Wells Fargo is still grappling with allegations of racial discrimination in its home lending practices, following a March report that the bank rejected more black mortgage refinance applicants than it accepted during the first year of the pandemic.
On Monday, lawyers and people involved in a class action lawsuit against the bank held a press conference accusing Wells of “racial redlining” and discrimination in mortgage lending. The bank has subjected black borrowers to a number of unfair practices, lawyers say, including higher mortgage interest rates, rejected refinance applications and abusive foreclosures.
READ: Senators call on feds to review Wells Fargo mortgage practices
“It seems the only common denominator was the color of the plaintiff’s skin,” said Benjamin Crump, one of the attorneys in the case. Crump has taken on a number of high-profile cases over the years, including representing the families of George Floyd and Breonna Taylor.
The bank called the allegations against it “unsubstantiated”.
“We are deeply disturbed by the allegations of discrimination which we believe do not withstand close scrutiny,” the bank said in a press release. “These baseless attacks on Wells Fargo stand in stark contrast to the company’s significant, long-term commitment to closing the minority homeownership gap.”
Wells Fargo is based in San Francisco but has its largest employment hub in Charlotte, with around 27,000 workers here.
The press conference was one of many concerns raised about the bank’s mortgage business, after a Bloomberg analysis last month showed Wells Fargo rejected more than half of black homeowners who applied to refinance their mortgage in 2020.
This gap has prevented many black borrowers from capitalizing on historically low mortgage rates during the pandemic and building equity that could have narrowed the racial wealth gap, the report said.
The bank did not dispute Bloomberg’s statistical findings, according to the report, and an internal review at Wells Fargo found “additional, legitimate, credit-related factors” were responsible for the differences.
Ten days after the report was released, 11 US senators called on federal authorities to review Wells Fargo’s mortgage refinancing processes.
More changes wanted at Wells Fargo
Wells Fargo’s alleged discriminatory practices are “killing black opportunity,” plaintiffs and class action attorneys said Monday. The lawsuit was filed in February in the Northern District of California and was updated on April 14.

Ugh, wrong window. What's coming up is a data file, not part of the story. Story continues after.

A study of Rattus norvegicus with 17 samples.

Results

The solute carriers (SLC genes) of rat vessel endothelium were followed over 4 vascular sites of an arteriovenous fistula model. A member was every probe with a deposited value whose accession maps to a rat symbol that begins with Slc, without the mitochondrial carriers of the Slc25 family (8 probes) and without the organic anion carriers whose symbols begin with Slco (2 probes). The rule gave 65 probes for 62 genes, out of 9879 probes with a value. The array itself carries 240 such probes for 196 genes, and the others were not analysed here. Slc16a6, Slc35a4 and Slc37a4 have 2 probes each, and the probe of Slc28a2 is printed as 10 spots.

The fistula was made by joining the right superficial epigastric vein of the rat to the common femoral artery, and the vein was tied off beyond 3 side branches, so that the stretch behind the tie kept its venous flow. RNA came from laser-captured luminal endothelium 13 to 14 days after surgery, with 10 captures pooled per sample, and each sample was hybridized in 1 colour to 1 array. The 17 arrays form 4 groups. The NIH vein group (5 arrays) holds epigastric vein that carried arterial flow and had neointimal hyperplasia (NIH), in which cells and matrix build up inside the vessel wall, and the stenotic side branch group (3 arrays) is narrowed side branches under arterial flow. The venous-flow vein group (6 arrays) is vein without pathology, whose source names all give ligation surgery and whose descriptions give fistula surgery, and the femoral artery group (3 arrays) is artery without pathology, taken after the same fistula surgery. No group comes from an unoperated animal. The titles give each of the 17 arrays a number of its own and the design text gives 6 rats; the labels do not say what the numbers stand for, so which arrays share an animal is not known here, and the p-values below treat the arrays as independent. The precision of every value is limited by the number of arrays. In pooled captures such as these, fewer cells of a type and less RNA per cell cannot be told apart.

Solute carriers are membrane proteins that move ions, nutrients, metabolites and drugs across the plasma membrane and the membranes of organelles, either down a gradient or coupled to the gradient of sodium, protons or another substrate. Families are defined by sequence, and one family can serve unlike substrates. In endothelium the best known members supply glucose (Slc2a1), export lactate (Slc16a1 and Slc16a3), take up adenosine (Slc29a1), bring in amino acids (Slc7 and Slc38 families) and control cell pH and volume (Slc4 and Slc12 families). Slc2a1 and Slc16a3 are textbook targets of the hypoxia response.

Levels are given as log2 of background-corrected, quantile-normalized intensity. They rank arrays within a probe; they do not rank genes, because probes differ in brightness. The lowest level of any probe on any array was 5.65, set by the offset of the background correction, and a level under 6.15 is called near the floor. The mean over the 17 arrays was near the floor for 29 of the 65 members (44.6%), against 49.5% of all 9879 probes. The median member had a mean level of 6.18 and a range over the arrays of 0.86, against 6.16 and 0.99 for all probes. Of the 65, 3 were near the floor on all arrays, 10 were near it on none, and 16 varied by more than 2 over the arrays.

Plaintiffs and attorneys also called on Wells Fargo shareholders to adopt a proposal presented by Service Employees International Union at the bank’s annual meeting of shareholders on Tuesday, April 26. She calls for an independent racial equity audit that would analyze Wells Fargo’s negative impacts on stakeholders. and communities of color.
In a proxy statement, the bank’s board recommended that shareholders vote against the proposal, highlighting existing diversity, equity and inclusion efforts that it said addressed union concerns. .
Wells Fargo under fire
The allegations are piling up to face the scrutiny the bank has already faced from lawmakers and regulators.
Wells Fargo still operates under a number of pending consent orders from various regulators linked to its 2016 scandal, when employees created millions of fake accounts for customers without their knowledge.
GO DEEPER: 5 years after its sales scandal, Wells Fargo still faces these federal restrictions
These restrictions include a $1.95 trillion Federal Reserve asset cap that prevents the bank from expanding its balance sheet.
On an earnings call last week, CEO Charlie Scharf told investors the bank had “a lot more work to do” to meet regulatory requirements. “We will likely have setbacks,” he said, “but I’m confident in our ability to continue closing the remaining gaps over the next few years.”
It’s also not the first time in recent years that the bank has come under the spotlight for its home loan business in particular.
In 2018, Wells apologized and admitted to refusing or failing to offer around 870 mortgage modifications between 2010 and April 2018. The mistake cost hundreds of borrowers their homes.
This story was originally published April 26, 2022 06:00.